With $10,000 in prizes, AOA’s essay contest urges students to explore past
To encourage osteopathic medical students, interns and residents to study their profession’s past struggles and achievements, the AOA Bureau of Osteopathic History and Identity is conducting its eighth annual history essay competition.
As it has done since 2006, the bureau will bestow up to three awards: a $5,000 first prize, a $3,000 second prize and a $2,000 third prize.
“This competition is about far more than monetary prizes,” observes James E. Froelich, DO, the chairman of the Bureau of Osteopathic History and Identity. “Its true reward is understanding the origins of your profession and developing a deeper sense of why DOs are such resilient and dedicated physicians.”
The deadline for the competition is Tuesday, Sept. 4. (For more specifics, see the related article titled “History Competition Details.”)
Principles at the core of the competition
The bureau is asking contestants to focus their essays on the bureau’s “Core Principles for Teaching the History of Osteopathic Medicine.” For the 2012 essay competition, the bureau has chosen five different core principles than those used in 2011. Because the bureau has 20 core principles, it is rotating them so that the competition focuses on different historical milestones each year.
The five core principles selected for the 2012 competition are as follows:
Core Principle 4—The relations between osteopathy and conventional medicine practiced in the early period of osteopathy’s growth. (Note: In developing its core principles, the bureau used the term osteopathy to refer to the profession during the period in which most DOs practiced strictly manipulative medicine.)
Core Principle 5—The comparative early practices of DOs and MDs in treating various illnesses (with special reference to the influenza pandemic of 1918-19).
Resources for contestants
Core Principle 8—The challenge of osteopathic medical schools to raise educational standards.
Core Principle 12—The reasons behind the development of the osteopathic hospital system and the importance of osteopathic hospitals in shaping osteopathic practice and identity.
Core Principle 20—The historical development of osteopathic medical education, practice, and recognition outside the United States.
For students, interns and residents who are not interested in the core principles for 2012, the history bureau has released the rotation of core principles for the next four competitions, Dr. Froelich noted. That will allow students who are interested in other principles to begin working now on essays for 2013, 2014 and 2015. (See the related article titled “Getting a Head Start on Future History Essays.”)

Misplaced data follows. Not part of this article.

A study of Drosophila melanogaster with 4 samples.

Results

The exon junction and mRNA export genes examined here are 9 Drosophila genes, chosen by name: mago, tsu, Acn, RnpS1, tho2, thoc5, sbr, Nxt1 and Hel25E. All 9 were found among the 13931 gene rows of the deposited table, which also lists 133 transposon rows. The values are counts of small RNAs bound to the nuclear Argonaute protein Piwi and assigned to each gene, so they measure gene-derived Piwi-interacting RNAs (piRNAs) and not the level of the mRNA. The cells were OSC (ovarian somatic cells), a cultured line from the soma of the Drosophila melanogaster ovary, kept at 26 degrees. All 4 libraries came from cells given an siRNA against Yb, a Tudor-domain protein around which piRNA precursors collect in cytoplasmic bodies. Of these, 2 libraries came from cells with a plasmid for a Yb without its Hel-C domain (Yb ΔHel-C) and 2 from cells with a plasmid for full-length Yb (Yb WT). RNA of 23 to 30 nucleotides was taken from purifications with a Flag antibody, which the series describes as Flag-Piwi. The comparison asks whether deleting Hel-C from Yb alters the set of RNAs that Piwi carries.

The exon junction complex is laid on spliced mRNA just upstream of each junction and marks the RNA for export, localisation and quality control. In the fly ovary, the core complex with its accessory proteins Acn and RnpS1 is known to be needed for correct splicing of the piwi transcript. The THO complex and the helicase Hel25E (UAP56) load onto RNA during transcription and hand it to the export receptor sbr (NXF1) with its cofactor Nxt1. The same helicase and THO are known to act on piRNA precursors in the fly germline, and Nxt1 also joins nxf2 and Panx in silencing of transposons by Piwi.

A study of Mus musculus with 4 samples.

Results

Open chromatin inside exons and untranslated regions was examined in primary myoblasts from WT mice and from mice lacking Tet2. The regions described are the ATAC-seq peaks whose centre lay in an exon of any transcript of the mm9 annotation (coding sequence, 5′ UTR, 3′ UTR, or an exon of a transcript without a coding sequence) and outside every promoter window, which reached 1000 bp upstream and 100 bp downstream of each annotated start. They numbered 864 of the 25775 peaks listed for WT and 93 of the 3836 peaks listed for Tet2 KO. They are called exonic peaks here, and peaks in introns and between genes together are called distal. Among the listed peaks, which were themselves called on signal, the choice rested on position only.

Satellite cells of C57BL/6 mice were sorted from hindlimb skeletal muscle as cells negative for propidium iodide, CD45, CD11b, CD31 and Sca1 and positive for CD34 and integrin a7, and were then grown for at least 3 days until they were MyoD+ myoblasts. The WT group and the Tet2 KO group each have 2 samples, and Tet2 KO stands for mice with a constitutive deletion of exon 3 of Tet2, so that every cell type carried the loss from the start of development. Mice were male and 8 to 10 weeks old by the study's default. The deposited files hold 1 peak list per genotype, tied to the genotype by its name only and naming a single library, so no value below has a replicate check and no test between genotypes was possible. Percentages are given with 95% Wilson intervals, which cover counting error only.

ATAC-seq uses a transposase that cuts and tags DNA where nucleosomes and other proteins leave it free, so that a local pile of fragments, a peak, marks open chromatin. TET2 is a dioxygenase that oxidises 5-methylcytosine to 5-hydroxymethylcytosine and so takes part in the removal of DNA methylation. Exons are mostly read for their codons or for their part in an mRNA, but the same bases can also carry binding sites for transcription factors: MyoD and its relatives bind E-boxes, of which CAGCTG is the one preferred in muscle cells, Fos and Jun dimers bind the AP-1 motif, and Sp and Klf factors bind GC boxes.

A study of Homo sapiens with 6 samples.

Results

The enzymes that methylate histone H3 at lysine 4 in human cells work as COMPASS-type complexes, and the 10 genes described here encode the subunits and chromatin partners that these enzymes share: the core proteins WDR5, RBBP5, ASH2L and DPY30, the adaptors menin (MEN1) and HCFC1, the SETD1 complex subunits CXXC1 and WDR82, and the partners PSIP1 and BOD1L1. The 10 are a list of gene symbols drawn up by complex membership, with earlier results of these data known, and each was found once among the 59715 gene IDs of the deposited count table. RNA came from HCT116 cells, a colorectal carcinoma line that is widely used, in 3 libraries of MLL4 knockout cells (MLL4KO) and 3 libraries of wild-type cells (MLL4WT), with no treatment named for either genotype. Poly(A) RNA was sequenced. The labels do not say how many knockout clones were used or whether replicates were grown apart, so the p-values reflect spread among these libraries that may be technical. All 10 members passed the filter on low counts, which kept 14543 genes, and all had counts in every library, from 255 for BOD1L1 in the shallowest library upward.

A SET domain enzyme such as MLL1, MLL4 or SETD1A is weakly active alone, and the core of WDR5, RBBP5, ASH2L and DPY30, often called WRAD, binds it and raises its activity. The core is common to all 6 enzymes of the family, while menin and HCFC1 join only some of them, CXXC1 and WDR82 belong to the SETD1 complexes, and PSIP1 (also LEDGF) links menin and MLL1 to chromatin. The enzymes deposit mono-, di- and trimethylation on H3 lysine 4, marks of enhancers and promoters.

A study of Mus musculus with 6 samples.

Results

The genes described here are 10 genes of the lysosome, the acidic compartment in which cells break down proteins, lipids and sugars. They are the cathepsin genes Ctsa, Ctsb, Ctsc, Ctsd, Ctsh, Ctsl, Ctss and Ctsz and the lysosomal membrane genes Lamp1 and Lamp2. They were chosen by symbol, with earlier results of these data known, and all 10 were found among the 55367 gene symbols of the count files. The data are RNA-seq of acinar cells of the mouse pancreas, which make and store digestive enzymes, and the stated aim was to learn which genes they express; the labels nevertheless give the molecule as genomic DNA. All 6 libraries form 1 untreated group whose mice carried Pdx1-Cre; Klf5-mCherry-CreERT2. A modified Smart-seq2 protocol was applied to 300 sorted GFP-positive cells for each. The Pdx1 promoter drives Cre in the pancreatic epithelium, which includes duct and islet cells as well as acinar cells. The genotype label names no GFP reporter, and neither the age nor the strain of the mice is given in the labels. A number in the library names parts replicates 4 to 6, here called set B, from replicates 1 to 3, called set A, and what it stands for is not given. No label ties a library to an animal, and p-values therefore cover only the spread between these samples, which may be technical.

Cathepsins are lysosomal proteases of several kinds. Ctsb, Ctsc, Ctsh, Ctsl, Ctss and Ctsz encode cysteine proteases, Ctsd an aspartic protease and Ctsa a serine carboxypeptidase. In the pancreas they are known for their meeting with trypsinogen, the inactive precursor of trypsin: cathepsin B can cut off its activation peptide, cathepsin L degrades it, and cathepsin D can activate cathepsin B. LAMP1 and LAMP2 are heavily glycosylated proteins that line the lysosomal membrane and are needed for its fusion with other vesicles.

Seeking quality scholarship
“By focusing on a few core principles each year, the bureau has made the competition extremely competitive,” says Dr. Froelich, DO. “Each year, the quality of composition, content and research by these fine young students and DOs amazes me, and it makes me proud of them and the profession.”
The bureau is seeking in-depth and original investigation on specific principles, Dr. Froelich stresses. The bureau hopes that contestants uncover and study long-forgotten documents, talk with surviving witnesses of earlier times, and produce essays that reveal previously unexplored aspects of the profession’s history.
“The essay was fun to prepare,” 2011 second-place essayist Aula Saloum, OMS III, told the Bureau of Osteopathic History and Identity during its Oct. 31, 2011, meeting. “I love osteopathic medicine’s history. Whenever I have the opportunity to research this great profession’s history, I find it to be amazing.”
As in the past seven years, this year’s entries will undergo peer-review judging by members of the Bureau of Osteopathic History and Identity shortly after the competition’s Sept. 4 deadline.
Depending on the quality and quantity of the entries, the history bureau will award prizes to up to three authors. The winning authors will be honored during the AOA’s 117th Annual Osteopathic Medical Conference and Exposition, which will be held Oct. 7-11 in San Diego.
In addition to honoring the winners at the AOA conference, the history bureau has always encouraged all contestants to submit their essays to the AOA for consideration by JAOA—The Journal of the American Osteopathic Association.
Of the 99 essays generated in the first seven years of the competition, eight were so good that they were published by such publications as JAOA—The Journal of the American Osteopathic Association, The DO, and the American Academy of Osteopathy Journal, noted Dr. Froelich. In addition, a few recent essays are currently working their way through the JAOA’s peer-review process.
“While the AOA is not guaranteeing that the JAOA will publish essays from the history competition, just experiencing the JAOA’s peer-review process would be rewarding for authors,” promises AOA Editor in Chief Gilbert E. D’Alonzo Jr., DO.